I am currently looking at a house in New England that dates back to the 1820's that has a sagging floor in the living room. The floor dips down about one inch near one of the walls and I was told by the owner that it has been and is structurally sound and that sagging floors are "normal" in older homes. Is this in fact true and if so what would the typical amount of sagging be?
Assuming the sag is new/progressing.
There are countless hundred+ year old homes with proper structure that have floors that don't sag, bounce or shake.
Sagging is never good. Sagging is a sign of either poor engineering to begin with or structural damage done later.
bcworkz does raise a good point about older foundation methods and short term sags that stabilize. I still maintain that even in such cases, a sag isn't "good", but it may not be deal breaking.
Just to play devil's advocate, there are also many old homes that have suffered minor subsidence and now are completely stable. Modern homes with reinforced foundations should never suffer from differential settlement. Old homes using outdated foundation techniques could suffer from some differential settlement in their first few dozen years, then stabilize and stay that way the remainder of their lives. This sort of settlement, though not ideal, is not cause for alarm.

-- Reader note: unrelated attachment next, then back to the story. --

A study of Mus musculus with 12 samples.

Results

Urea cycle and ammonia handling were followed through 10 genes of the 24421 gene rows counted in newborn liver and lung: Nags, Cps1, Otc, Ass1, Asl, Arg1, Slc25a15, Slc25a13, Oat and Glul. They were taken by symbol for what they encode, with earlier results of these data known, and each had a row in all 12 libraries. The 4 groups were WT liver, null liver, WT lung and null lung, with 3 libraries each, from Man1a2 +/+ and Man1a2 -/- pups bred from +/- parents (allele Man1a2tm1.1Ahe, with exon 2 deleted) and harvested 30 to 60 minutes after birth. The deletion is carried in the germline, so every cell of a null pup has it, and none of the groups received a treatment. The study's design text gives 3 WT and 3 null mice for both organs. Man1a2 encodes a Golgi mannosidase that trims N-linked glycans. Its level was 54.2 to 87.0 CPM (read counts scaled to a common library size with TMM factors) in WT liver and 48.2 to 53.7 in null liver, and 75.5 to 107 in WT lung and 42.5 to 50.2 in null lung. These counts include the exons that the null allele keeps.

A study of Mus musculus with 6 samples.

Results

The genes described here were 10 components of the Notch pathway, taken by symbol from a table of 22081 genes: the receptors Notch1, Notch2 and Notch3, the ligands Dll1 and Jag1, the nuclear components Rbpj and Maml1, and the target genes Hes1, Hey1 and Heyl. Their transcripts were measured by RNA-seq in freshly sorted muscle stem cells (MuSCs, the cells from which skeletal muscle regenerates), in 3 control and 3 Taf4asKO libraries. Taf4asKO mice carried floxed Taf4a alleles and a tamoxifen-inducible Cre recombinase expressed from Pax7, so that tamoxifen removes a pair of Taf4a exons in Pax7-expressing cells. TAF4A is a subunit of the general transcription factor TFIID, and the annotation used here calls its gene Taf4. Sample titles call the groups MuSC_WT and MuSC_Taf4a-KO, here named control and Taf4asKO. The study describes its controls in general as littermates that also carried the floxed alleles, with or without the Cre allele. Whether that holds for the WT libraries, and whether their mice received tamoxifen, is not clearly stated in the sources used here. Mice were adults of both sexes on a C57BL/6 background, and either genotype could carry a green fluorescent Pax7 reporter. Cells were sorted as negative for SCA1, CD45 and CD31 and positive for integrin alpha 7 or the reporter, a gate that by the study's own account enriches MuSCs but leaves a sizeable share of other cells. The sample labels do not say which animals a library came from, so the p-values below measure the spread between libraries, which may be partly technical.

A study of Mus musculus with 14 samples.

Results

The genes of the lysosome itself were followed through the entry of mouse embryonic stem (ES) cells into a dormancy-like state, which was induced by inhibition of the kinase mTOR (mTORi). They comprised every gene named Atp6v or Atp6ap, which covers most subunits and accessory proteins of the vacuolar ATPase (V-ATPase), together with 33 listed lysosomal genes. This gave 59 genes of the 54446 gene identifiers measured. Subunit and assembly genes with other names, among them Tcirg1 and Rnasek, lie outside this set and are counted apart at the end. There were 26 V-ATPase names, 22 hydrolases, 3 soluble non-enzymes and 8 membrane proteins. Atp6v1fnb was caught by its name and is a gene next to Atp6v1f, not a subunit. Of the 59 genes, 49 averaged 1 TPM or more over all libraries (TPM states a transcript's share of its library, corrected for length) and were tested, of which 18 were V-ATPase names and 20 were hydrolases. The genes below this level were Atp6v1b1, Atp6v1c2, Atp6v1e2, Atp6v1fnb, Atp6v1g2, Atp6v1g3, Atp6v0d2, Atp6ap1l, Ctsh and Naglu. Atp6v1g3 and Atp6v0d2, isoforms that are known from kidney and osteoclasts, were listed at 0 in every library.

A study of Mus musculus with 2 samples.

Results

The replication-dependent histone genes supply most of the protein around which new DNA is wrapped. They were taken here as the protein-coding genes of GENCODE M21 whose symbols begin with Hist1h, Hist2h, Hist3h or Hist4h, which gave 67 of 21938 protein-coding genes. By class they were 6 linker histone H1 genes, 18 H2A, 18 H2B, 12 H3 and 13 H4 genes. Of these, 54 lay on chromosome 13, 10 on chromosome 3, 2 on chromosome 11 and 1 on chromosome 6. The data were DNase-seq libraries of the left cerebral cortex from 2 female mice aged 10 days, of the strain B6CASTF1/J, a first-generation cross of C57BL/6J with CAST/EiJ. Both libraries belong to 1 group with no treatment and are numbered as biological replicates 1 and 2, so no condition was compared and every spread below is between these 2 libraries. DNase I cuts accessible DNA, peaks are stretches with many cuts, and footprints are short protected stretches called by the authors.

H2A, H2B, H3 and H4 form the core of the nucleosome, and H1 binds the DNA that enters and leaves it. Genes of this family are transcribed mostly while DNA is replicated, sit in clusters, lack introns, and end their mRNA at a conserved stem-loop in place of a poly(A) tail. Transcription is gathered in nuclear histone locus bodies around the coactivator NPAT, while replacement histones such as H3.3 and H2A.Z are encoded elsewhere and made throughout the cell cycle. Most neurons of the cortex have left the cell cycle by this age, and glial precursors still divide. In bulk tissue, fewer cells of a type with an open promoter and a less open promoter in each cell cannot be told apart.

Other such homes are founded on unstable soils and continue to shift and settle for their entire lives. This cannot be good. As a casual visitor, it's difficult to tell what is not alarming and what is bad. It would take extremely accurate measuring equipment and a good long time period to determine whether the structure is still moving or not.
This house is actually pushing 200 years, if it's just an inch low in one spot, I'd say it's probably in good shape actually. It's still not normal, but it's not unusual either.